For a marriage of less than 10 years, the general rule is that spousal support may be ordered for half the duration of the matrimony.
At the temporary, or pendente lite, stage of the dissolution, the Court will look primarily to the parties' respective incomes. A permanent spousal support award is theoretically governed by Fam C §4320.
You are mistaken. In California there has never been a 10 year rule for paying spousal support. The 10 year rule only determines whether or not you pay for a defined term (1/2 the length of the marriage) or indefinitely. Whether or not you would be required to pay spousal support depends primarily on the differences in income of the parties. Permanent support will also be determined based on the the factors contained in Family Code Section 4320. How long you pay is negotiable but generally in short term marriages is 1/2 the length of the marriage.
Michael Schwerin, San Jose, California phone: 408-295-4232 email: email@example.com. Consultation fees, rates and retainers vary based on need and ability to pay.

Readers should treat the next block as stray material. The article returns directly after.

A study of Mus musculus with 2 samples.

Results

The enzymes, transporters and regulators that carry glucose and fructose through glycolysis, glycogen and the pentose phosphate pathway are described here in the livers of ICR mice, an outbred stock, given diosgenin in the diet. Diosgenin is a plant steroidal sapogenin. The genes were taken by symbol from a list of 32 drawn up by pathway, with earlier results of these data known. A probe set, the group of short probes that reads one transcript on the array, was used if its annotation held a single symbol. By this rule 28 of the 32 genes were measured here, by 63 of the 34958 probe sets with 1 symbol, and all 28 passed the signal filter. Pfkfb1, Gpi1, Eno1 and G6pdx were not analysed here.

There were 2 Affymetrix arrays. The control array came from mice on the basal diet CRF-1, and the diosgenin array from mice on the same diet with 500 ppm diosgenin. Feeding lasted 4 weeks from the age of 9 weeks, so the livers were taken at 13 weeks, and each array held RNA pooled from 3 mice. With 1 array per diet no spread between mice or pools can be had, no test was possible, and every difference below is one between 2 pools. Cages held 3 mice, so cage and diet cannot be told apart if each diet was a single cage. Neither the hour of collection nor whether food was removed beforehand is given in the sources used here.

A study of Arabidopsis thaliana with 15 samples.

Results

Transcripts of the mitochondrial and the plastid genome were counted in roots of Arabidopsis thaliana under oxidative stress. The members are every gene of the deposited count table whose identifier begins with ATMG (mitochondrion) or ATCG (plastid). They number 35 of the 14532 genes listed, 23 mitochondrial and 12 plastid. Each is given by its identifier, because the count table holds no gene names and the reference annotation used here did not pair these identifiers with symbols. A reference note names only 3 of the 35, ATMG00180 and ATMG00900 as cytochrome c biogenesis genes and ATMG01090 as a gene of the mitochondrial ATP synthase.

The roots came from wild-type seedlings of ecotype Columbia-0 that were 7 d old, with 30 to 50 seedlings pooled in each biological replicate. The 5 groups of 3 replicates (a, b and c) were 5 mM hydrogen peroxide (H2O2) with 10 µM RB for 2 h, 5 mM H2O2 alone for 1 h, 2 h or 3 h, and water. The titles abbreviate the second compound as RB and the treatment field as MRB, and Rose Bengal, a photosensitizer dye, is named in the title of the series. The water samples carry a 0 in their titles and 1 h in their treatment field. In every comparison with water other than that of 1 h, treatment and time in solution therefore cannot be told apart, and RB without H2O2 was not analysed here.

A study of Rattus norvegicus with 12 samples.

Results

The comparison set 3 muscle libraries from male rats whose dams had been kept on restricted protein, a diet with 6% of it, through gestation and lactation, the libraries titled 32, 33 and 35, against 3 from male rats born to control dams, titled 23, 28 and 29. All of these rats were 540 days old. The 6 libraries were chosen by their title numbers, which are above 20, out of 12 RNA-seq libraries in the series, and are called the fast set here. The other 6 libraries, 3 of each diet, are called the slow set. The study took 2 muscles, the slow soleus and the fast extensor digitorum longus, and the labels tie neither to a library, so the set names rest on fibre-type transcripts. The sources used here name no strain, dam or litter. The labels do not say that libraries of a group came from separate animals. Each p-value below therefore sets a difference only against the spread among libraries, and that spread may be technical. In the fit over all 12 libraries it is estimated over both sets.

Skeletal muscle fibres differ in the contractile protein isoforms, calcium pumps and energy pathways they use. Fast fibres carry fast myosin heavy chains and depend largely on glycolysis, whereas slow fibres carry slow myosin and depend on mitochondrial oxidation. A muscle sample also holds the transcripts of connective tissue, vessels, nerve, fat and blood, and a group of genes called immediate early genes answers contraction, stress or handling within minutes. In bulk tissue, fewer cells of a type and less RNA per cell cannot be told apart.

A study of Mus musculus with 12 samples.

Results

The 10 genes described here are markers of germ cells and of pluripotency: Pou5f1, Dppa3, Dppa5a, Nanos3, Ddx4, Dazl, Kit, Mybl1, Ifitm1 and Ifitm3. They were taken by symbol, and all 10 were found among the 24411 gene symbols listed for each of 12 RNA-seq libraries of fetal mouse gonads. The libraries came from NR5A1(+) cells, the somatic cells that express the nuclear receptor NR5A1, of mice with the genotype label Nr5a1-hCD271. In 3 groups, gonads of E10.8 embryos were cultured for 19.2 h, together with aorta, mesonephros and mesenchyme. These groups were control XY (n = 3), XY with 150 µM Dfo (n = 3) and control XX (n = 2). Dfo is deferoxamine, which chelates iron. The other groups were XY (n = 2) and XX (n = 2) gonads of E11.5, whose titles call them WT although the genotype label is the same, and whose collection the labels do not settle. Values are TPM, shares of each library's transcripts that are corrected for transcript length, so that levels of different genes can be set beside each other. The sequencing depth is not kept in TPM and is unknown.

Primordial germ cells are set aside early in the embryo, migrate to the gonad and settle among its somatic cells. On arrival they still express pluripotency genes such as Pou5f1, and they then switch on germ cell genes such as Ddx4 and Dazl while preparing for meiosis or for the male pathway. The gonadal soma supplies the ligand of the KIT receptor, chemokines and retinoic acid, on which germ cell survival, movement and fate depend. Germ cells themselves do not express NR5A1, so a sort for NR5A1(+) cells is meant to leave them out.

Yes, perhaps. I am including a link below which explains how spousal support works. Good luck.
If you found this answer helpful, let me know by clicking the "Mark as Helpful" button or "Best Answer" at the bottom of this answer. By answering this question, the Law Offices of Cathleen E. Norton does not intend to form an attorney-client relationship with the asking party. The answers posted on this website should not be construed as legal advice. The Law Offices of Cathleen E. Norton does not make any representations about your family law matter, but rather, seeks to provide general information to the public about family-law related matters. You should consult with an attorney to discuss the specific facts of your case. Thank you.
Sign up to receive a 10-part series of useful information and legal advice about the divorce process.